Mardi Gras / Carnaval – A Non-Moveable Feast?
Shrove Tuesday, the day before Ash Wednesday, has often been a raucous holiday throughout the Catholic world. In New Orleans we have “Fat Tuesday” – literally Mardi Gras. In Rio de Janeiro and Venice, the day before the beginning of the Lenten season of preparation for the Easter Triduum is called Carnival, or Carnaval in Portuguese.
The Carnival celebration in Rio de Janeiro has become a major part of the economy, due to the tourist trade and large expenditures for floats, constumes, and neighborhood performance groups. Although the celebration was only introduced in 1845 by European elites imitating the Parisian celebration, Carnival has taken on a life of its own and has incorporated African and Amerindian elements. In 2008, Carnival will attract 700,000 tourists and $510 million dollars. Like New Orleans, the party can start a whole week before the actual day of Carnival.
Of course there are always problems with success. The key one for Mardi Gras is that the date is 50 days before Easter. This means that the actual date of Carnival floats in relation to the date of Easter, following the lunar calendar. Easter is celebrated on the first Sunday after the first full moon of Spring. For Brazil, Carnival marks the end of the southern hemisphere’s summer vacation season. If Carnival comes too early, as it does this year, on February 5, the vacation and tourist trade can dry up. In fact, the date of Carnival can range from February 3 to March 9 – a span of 5 weeks.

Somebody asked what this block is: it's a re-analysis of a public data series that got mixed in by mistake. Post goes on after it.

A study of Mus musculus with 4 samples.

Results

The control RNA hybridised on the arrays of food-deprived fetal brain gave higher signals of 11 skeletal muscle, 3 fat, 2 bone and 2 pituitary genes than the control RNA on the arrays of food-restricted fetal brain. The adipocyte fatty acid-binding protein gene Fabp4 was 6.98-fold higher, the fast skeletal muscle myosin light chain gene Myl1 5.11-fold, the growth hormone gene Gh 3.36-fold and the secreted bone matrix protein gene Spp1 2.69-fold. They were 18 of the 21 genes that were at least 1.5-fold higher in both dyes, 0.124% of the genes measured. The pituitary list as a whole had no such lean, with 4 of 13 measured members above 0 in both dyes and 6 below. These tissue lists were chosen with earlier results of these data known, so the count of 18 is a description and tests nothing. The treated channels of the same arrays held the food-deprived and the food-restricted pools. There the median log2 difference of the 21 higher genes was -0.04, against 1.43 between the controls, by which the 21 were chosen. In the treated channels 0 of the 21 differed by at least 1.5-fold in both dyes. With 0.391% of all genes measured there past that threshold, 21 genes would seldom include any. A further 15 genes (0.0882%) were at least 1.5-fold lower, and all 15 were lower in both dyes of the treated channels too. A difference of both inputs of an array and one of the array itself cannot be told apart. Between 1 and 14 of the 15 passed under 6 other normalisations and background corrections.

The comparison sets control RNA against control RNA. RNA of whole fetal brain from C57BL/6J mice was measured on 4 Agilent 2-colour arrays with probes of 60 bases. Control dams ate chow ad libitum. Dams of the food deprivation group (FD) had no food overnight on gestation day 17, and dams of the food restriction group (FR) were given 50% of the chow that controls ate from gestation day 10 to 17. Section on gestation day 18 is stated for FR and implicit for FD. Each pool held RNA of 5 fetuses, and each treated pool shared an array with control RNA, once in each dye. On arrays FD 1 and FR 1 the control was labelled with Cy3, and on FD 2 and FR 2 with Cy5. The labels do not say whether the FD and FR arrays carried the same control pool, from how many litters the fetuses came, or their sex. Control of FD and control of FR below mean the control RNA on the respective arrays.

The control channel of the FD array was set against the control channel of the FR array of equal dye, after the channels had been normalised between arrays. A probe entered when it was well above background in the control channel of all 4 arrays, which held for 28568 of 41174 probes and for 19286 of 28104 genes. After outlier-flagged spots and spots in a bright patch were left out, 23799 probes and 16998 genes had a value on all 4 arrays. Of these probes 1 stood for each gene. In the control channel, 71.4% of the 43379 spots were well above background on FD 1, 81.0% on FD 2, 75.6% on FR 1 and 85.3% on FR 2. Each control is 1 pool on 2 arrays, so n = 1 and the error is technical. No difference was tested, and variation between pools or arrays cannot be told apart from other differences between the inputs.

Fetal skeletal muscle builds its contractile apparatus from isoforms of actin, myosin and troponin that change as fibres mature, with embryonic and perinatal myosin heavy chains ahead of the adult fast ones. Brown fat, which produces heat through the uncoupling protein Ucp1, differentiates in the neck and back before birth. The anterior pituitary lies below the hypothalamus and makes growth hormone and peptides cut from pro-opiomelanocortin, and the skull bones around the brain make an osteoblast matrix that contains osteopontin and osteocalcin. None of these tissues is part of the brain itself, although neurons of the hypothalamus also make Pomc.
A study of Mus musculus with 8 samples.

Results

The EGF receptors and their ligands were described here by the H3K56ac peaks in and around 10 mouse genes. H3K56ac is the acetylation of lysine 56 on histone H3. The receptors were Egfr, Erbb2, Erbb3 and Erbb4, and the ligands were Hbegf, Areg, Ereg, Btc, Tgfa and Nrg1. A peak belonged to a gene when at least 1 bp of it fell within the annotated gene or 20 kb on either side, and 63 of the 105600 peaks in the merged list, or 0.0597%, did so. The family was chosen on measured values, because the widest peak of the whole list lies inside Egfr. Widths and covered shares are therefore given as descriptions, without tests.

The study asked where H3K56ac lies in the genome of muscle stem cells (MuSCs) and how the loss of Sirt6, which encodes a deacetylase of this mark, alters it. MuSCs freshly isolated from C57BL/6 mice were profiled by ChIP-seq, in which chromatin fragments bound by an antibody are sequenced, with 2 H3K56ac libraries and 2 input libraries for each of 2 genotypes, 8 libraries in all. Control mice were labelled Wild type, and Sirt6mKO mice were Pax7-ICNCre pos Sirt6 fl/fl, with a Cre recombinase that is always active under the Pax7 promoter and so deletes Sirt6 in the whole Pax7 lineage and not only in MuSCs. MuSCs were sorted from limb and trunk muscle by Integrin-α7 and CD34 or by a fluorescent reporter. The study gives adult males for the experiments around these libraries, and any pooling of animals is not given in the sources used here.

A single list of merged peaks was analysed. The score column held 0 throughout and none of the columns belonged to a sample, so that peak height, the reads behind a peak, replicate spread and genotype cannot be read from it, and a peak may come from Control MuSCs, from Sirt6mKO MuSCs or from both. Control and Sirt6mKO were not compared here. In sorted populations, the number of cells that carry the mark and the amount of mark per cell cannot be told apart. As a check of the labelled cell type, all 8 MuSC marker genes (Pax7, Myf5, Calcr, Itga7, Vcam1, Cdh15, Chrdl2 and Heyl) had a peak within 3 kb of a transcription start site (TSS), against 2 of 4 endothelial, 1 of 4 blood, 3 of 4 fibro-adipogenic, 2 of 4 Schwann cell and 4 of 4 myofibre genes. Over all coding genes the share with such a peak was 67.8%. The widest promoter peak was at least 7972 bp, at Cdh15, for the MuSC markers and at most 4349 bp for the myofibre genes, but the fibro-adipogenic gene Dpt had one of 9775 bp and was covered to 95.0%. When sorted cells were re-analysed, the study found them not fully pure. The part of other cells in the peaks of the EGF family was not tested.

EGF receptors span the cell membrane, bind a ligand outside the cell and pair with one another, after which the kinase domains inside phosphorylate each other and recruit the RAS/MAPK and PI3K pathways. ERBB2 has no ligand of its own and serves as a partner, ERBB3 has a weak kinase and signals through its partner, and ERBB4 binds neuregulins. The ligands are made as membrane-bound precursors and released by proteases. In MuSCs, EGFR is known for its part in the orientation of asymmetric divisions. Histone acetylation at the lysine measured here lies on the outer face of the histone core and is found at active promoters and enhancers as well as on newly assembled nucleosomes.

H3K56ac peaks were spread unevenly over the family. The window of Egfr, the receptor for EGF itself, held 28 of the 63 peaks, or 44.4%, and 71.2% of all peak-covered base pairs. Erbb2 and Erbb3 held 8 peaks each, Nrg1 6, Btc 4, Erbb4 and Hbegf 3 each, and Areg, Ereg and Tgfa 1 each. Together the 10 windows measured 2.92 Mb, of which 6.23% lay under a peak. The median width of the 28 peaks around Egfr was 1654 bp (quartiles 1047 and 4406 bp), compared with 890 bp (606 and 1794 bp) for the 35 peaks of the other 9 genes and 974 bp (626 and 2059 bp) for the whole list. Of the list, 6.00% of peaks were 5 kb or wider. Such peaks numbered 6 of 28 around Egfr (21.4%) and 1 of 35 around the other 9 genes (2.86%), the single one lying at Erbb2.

The big problem is that when Carnival is over, the party is over. Lent begins with its fasting, penance, and almsgiving. Big parties are not in keeping with the season. The hotel and tourism industry in Brazil are concerned that this will mean a huge economic loss. The “summer” economic season would end 7 weeks early. There is a movement in Brazil to make Carnival the first Sunday of March to avoid these economic dislocations. The Secretary General of the Brazil’s Catholic Conference of Bishops, Dom Dimas Lara Barbosa, is not opposed in principal to moving the date to January so that the festival will not occur during Lent.
January seems a little to close to Christmas and New Years and so there has been some thought of turning Carnival into a purely secular festival. But then again, it wouldn’t be Carnival if it were. On the other hand, many of our Protestant cousins would probably remind us that Carnival seems to have gone beyond any deep religious significance anyway.